Here's how the Gigabyte Aorus 15-SA 2019 performed in our suite of benchmark tests:
3DMark: Sky Diver: 32,972; Fire Strike: 12,739; Time Spy: 5,613
Cinebench CPU: 1,141 points; Graphics: 112 fps
GeekBench: 5,152 (single-core); 22,502 (multi-core)
PCMark 8 (Home Test): 4,931 points
Battery Life (TechRadar movie test): 3 hours and 2 minutes
Total War: Warhammer II (1080p, Ultra): 55 fps; (1080p, Low): 125 fps
Middle Earth: Shadow of War (1080p, Ultra): 72 fps; (1080p, Low): 154 fps
First a little candour. This isn’t the most powerful gaming laptop on the market. In fact, Nvidia offers fully three GPUs in ascending order that are more powerful than the Gigabyte’s GTX 1660 Ti 3D chip.
Likewise, the 1660 Ti isn’t quick enough to simply crank the settings to max in any game and get buttery-smooth frame rates in every game. But then, that much was pretty much a given. What we can confirm is that you’ll get very playable frame rates in nearly all games with the settings maxed out.
The 55fps it achieves in Total War: Warhammer II at ultra settings and 72fps it cranks out in Middle Earth: Shadow of War, again set to ultra, are indicative of that. Games where super-high frame rates are critical tend to be a little less graphically demanding in any case. But compromise on just a few visual bells and whistles and the Auros 15 will seriously fly.
It’s worth noting, however, that when the Aorus is burning through a game’s 3D engine at a rate of knots, the fans spool up pretty dramatically. We had no issues with thermal throttling, but the downside is a lot of fan noise.
As for the rest of the rig’s performance, you couldn’t really have any complaints. The Intel six-core CPU offers a level of multi-threading performance that would have been staggering just a few years ago. The same goes for the 512GB NVMe SSD. Truly, this is desktop-class performance in a reasonably portable package.
As an example of the impact of cost savings, the Aorus does not appear to support Nvidia’s Optimus tech, so can’t switch to the Intel CPU’s integrated graphics to save power. Whatever, you’re looking at about three hours of video playback off the mains.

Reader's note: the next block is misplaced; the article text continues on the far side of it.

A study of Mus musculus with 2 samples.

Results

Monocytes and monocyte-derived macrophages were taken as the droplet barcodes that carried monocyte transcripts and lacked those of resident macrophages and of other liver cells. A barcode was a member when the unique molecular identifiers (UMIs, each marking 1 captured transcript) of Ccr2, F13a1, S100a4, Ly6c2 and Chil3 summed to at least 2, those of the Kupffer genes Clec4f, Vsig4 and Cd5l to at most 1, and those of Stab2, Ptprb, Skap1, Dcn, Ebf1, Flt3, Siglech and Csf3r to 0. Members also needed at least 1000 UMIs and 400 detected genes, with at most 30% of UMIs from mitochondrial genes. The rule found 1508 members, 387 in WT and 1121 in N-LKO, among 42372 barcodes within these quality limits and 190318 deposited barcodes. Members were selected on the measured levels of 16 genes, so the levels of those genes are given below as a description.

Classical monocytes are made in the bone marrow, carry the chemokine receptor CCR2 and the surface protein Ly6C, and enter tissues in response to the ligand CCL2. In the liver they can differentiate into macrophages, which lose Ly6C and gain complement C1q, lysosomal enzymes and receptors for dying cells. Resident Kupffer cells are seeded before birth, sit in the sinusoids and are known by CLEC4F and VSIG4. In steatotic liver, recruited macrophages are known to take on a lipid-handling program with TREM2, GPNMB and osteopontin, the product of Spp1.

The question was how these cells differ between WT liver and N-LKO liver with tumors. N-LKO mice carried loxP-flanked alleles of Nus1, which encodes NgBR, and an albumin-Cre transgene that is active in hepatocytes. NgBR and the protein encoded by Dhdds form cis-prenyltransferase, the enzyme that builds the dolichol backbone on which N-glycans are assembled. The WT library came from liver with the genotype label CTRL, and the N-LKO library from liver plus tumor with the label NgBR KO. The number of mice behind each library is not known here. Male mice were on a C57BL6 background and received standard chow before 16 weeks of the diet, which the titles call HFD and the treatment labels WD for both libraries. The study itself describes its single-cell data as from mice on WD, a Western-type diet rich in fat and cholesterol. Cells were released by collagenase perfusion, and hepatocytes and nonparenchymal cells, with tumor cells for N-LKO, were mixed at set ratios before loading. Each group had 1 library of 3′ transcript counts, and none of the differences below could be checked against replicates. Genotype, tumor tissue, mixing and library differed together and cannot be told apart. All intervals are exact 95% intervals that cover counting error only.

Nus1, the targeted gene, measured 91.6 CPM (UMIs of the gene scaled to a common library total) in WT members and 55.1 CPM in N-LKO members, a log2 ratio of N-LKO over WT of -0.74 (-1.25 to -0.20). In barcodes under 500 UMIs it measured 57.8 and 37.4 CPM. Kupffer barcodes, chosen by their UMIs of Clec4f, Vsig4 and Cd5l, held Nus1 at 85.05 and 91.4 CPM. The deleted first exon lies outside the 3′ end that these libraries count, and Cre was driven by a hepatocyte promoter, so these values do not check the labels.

For the record, the 15.6-inch screen is a bit of a zinger. Supplied by LG, it’s bright and punchy with strong colors, good viewing and decent response. Factor in the 144Hz refresh and few gamers will have any complaints.
Inevitably, the Aorus’ battery life is less than stellar. Not only is this a performance orientated machine. It’s also competitively priced and reasonably compact, all of which tends to limit the size of the battery.
In our battery benchmark test, where we loop a 1080p video with the screen at 50% brightness, the Aorus lasted just three hours before needing to be plugged in. This is a laptop that you'll need to use near a plug socket.
Proper gaming laptops don’t come cheap. If that’s a well proven universal truth, the Gigabyte Aorus 15-SA is about as close as you’ll get to an exception. It boasts pretty much the perfect specification mix to keep the price in check while delivering a full-on gaming experience.
Likewise, costs have been limited in areas like chassis materials without compromising robustness too much. The system’s cooling gets the job done, too, albeit with a fairly hefty associated din.
The Gigabyte Aorus 15-SA isn't perfect, but it does deliver on its remits pretty effectively. If you can live with the limitations, including fairly poor battery life.